Those applying for citizenship under CAA must provide religion proof: Officials
The amended citizenship act aims to grant Indian citizenship to minorities such as Hindus, Sikhs, Jains, Buddhist, Christians and Parsis from Pakistan, Afghanistan and Bangladesh, who have faced or fear religious persecution.Updated: Jan 28, 2020 11:20 IST
Those applying for Indian nationality under the Citizenship (Amendment) Act (CAA), 2019, will have to prove their religion, officials aware of the matter have said.
The amended citizenship act aims to grant Indian citizenship to minorities such as Hindus, Sikhs, Jains, Buddhist, Christians and Parsis from Pakistan, Afghanistan and Bangladesh, who have faced or fear religious persecution.
The law, which excludes Muslims, will be applicable to those who entered India before December 2014.
The officials cited above said the government is unlikely to ask for proof of religious persecution from these people in their original country, even as the Union home ministry is in the process of framing rules for the new law.
“The rules are being drafted but to benefit under the CAA one will have to show some proof of their religion. Any government document like school enrolment of children, Aadhaar etc would enough,” a senior official said on condition of anonymity.
They added that the applicants will also have to furnish documents to prove that they entered India before 2015.
“Requirement of proof of their religious beliefs and their entry date will be included in the rules. This will be useful so that random persons do not apply for Indian citizenship,” one of the officials said.
It was not immediately clear what the nature of the documentation required for applying for citizenship will be.
Earlier, deposing before a Joint Parliamentary Committee on Citizenship (Amendment) Act, 2016, security agencies and government had indicated religious persecution could be verified through security agencies like the Research and Analysis Wing(R&AW) - India’s external intelligence agency.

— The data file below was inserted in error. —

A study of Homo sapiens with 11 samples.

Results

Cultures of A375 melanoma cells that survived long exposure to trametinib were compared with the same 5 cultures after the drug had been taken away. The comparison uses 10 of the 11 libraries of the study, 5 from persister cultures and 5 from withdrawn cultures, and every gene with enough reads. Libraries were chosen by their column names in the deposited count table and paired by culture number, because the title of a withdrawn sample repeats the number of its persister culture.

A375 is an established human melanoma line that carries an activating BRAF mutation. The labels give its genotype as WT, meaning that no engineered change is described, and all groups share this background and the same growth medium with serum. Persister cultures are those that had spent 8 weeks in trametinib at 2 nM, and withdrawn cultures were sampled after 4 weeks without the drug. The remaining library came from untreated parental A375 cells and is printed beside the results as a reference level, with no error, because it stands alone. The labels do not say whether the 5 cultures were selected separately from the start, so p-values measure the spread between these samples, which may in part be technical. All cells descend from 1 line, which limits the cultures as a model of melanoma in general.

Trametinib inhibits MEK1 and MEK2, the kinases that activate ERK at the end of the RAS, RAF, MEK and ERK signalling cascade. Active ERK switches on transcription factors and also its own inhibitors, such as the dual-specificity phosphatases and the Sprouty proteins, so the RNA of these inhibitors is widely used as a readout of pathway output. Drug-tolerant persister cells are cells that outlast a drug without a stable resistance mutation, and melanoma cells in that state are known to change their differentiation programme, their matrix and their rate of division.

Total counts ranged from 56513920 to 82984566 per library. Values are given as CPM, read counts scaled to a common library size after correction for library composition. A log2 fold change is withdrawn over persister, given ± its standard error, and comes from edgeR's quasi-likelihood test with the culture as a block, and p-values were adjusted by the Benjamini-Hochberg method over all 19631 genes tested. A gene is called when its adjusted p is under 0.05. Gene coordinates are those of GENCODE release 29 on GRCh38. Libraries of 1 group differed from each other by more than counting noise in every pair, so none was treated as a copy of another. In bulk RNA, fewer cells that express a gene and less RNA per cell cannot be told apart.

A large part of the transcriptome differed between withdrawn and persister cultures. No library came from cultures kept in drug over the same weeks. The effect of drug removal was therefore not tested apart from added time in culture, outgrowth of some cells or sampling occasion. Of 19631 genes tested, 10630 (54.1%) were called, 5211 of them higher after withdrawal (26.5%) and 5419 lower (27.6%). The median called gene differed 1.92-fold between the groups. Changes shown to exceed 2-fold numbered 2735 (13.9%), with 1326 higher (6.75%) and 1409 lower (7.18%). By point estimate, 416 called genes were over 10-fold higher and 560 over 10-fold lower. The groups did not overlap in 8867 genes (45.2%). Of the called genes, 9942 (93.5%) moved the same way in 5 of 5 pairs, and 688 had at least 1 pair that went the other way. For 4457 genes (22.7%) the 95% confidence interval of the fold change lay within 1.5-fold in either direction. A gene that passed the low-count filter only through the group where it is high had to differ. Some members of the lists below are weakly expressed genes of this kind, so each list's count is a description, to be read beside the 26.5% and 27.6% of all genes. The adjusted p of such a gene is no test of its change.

“The law allows faster citizenship in two cases religious persecution or fear of religious persecution, therefore a check back on whether there was religious persecution isn’t critical,” a second senior home ministry official, who didn’t want to be named, said.
The rules to implement CAA is also likely to have special provisions for Assam—a state that has witnessed continuous peaceful agitation by the civil society and people at large. There is an apprehension that allowing citizenship through CAA would hurt the interest of the indigenous people.
The government is also likely to give a relatively smaller window of three months to those who want to apply for citizenship in Assam under the CAA, a second official said.
The BJP led-Assam government had asked the Centre to limit the time frame for applications for citizenship under the CAA.
“The number of people who are likely to benefit from CAA in the northeast, and especially Assam, is small. Once that becomes clear protests are likely to die out,” a senior Assam government functionary said.
The CAA came into force on January 10 and the Union home ministry is framing the rules that will govern the law.
Civil society bodies, students and several states have opposed the law and protests have continued across the country, including Delhi. A few state assemblies have even passed resolutions opposing the law and urging the Centre to withdraw it.